Ir Arriba

International cooperation: the cornerstone of global trade recovery

El webinar en el que participaron Anabel González (arriba, izq.) y Cassio Luiselli (arriba, der.), fue moderado por la Directora del medio digital CrHoy de Costa Rica, Silvia Ulloa.
The webinar in which Anabel González (top left) and Cassio Luiselli (top right) participated, was moderated by Silvia Ulloa, Director of the Costa Rican digital publication, CrHoy.

San Jose, 22 May 2020 (IICA). International cooperation and regional integration will be critical to ensuring that value chains continue to run smoothly and distribution channels remain open, while driving the recovery of global trade, in the fallout from the Covid-19 pandemic.

Anabel González, former Minister of Foreign Trade of Costa Rica, and Cassio Luiselli, the former Advisor on agricultural development to the President of Mexico, stressed the importance of these issues in a webinar organized by the Inter-American Institute for Cooperation on Agriculture (IICA), focusing on repercussions on international trade and sanitary regulations in the wake of the pandemic.

González, who is a former Senior Director of the World Bank’s Global Practice on Trade and Competitiveness, maintained that, “International cooperation and regional integration are needed to tackle the wave of the pandemic in which we find ourselves, but also to recover from the crisis, keep the supply chains functioning and the trade channels open, while guaranteeing continued financing of trade, facilitating the expansion of investment groups and rebuilding the future”.

The experts both agreed that fostering this cooperation and integration would hinge on strengthening trade governance and the role of organizations, such as the World Trade Organization (WTO), and on promoting dialogue between existing institutions and other key actors. IICA, in their opinion, should play a key role in this effort. 

“In order to maintain trade operations, we will have to revitalize our institutions”, said Cassio Luiselli. “We must increase cooperation and dialogue, including with the private sector, and IICA has a strategic and critical part to play, by connecting the dots”.

Anabel González then proposed that Latin American countries should lead the way in this area, given the importance of agricultural trade to the region. “I would like to see IICA supporting countries in developing a solid institutional environment that facilitates the flow of trade”, she added.

González and Luiselli suggested that some of the repercussions of Covid-19 on trade will be non-tariff and administrative barriers; export restrictions, through the closure of borders; and increasingly restrictive sanitary requirements.

They explained that although some countries have introduced tariff reduction policies and implemented green channels to expedite the entry of agrifood products, others have opted to restrict exports, which is a risk that could trigger a food crisis, in addition to the health and economic emergency.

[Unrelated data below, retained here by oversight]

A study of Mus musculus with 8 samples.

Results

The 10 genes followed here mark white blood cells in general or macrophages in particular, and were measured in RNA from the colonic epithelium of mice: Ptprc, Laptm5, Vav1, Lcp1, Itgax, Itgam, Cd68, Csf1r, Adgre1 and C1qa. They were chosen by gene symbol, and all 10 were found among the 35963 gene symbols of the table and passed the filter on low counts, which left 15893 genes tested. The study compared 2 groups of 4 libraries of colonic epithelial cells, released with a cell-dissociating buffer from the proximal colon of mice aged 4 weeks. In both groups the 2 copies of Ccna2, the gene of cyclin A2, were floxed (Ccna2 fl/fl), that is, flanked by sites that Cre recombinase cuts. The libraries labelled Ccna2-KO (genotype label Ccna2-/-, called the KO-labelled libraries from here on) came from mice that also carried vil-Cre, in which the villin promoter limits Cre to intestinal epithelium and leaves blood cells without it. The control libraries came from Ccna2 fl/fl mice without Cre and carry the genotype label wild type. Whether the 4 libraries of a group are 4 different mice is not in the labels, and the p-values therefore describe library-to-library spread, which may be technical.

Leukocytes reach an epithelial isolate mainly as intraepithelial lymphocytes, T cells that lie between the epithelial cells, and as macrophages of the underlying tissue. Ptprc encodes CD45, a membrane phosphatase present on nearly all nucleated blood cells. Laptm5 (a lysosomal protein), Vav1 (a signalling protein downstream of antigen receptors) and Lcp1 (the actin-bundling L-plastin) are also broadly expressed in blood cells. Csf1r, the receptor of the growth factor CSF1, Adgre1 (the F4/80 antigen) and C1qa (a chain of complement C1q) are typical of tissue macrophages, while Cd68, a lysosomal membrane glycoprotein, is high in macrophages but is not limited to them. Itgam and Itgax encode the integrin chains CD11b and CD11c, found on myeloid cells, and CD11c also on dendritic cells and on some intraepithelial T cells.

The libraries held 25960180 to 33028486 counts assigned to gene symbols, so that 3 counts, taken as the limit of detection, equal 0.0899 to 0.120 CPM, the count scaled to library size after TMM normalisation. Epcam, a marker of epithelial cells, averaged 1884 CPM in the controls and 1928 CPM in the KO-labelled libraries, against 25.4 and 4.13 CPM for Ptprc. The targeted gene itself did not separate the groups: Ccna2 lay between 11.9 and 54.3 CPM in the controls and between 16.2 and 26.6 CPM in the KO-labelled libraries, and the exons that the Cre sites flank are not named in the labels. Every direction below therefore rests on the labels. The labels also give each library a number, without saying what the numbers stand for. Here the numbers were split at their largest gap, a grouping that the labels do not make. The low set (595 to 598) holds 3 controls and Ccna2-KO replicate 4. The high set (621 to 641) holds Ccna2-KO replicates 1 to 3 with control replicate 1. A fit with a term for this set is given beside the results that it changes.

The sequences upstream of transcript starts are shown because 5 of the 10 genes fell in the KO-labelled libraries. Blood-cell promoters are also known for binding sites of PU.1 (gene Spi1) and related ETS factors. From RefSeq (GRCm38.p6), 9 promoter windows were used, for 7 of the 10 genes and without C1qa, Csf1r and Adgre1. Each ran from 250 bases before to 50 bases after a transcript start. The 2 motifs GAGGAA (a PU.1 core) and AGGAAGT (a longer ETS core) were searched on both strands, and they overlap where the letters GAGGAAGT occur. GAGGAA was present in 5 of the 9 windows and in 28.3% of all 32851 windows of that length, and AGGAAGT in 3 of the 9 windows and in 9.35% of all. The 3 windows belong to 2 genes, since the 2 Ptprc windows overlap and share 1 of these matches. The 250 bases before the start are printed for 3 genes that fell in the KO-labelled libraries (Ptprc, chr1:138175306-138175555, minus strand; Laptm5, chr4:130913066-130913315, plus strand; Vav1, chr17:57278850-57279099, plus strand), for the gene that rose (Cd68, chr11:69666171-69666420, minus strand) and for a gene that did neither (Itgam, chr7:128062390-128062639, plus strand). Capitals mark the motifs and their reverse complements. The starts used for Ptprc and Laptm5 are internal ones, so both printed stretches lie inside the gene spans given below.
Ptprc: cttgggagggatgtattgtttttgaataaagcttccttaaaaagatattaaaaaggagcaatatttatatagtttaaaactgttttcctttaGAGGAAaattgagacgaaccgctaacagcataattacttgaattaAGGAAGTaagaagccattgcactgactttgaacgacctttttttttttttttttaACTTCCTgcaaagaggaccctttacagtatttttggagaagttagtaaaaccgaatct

González insisted that, “For trade to contribute to food security, it cannot be subject to barriers. Restrictions discourage investment and production, and usually lead to rising prices, inviting other countries to retaliate. Therefore, in the short-term, this may seem like an appropriate measure, but it is counter-productive in the medium-term”.

Repercussions on agriculture

The specialists pointed out that due to social distancing, the sector has experienced disruptions in transportation, logistics and the availability of labor to reap crops, while suffering from limited access to inputs and fertilizers.

They stressed that Latin American countries would have to diversify their production structure, even as they attempt to tackle the related challenges.

“The sector faces significant challenges, such as the significant group of small and medium-scale producers who are not fully integrated into the trade scene, with no access to technology and best practices”, González warned. “They must connect with others, in order to become indirect exporters, and we must encourage them in the use of certified seeds and membership in associative enterprises, while promoting their knowledge and use of digital trade platforms”.

The panelists indicated that 20% of the world’s population depends on international trade, and therefore we must drive trade, if we are to avoid the grim economic landscape that is on the horizon: -3% growth in the global economy in 2020; a fall-off in trade of between 3% and 13%; a 30 to 40% drop in foreign investment and the approximately 50 million people who could fall below the extreme poverty line.

The next seminar in the IICA series will be held on Tuesday, 26 May at 4 p.m. (Costa Rica time), and it will focus on food supply, family farming and short circuits post-Covid-19.

It will be livestreamed from the Institute’s Virtual Conference Room and its official Facebook, YouTube and Instagram pages.

The presentations from previous seminars are available for comments and discussion on the IICA Blog – “Cultivating Tomorrow’ Agriculture Today”:

Upcoming seminars:

Food supply, family farming and short circuits post-Covid-19 \ Tuesday, 26 May


Graciela Fernández, President of Cooperatives of the Americas.

Álvaro Ramos, former Minister of Agriculture and of Foreign Affairs, Uruguay.

Livestream from FB Live, YouTube and the IICA Virtual Conference Room: 4:00 p. m. Costa Rica time.


Post-Covid-19 from the perspective of Caribbean countries | Thursday, 28 May

Livestream from FB Live, YouTube and the IICA Virtual Conference Room: 4:00 p. m. Costa Rica time.


Chelston Brathwaite, former Director General of IICA.

James Fletcher, former Minister of Energy of Saint Lucia.

Livestream from FB Live, YouTube and the IICA Virtual Conference Room: 4:00 p. m. Costa Rica time.

More information:

Federico Villarreal, Director of Technical Cooperation, IICA.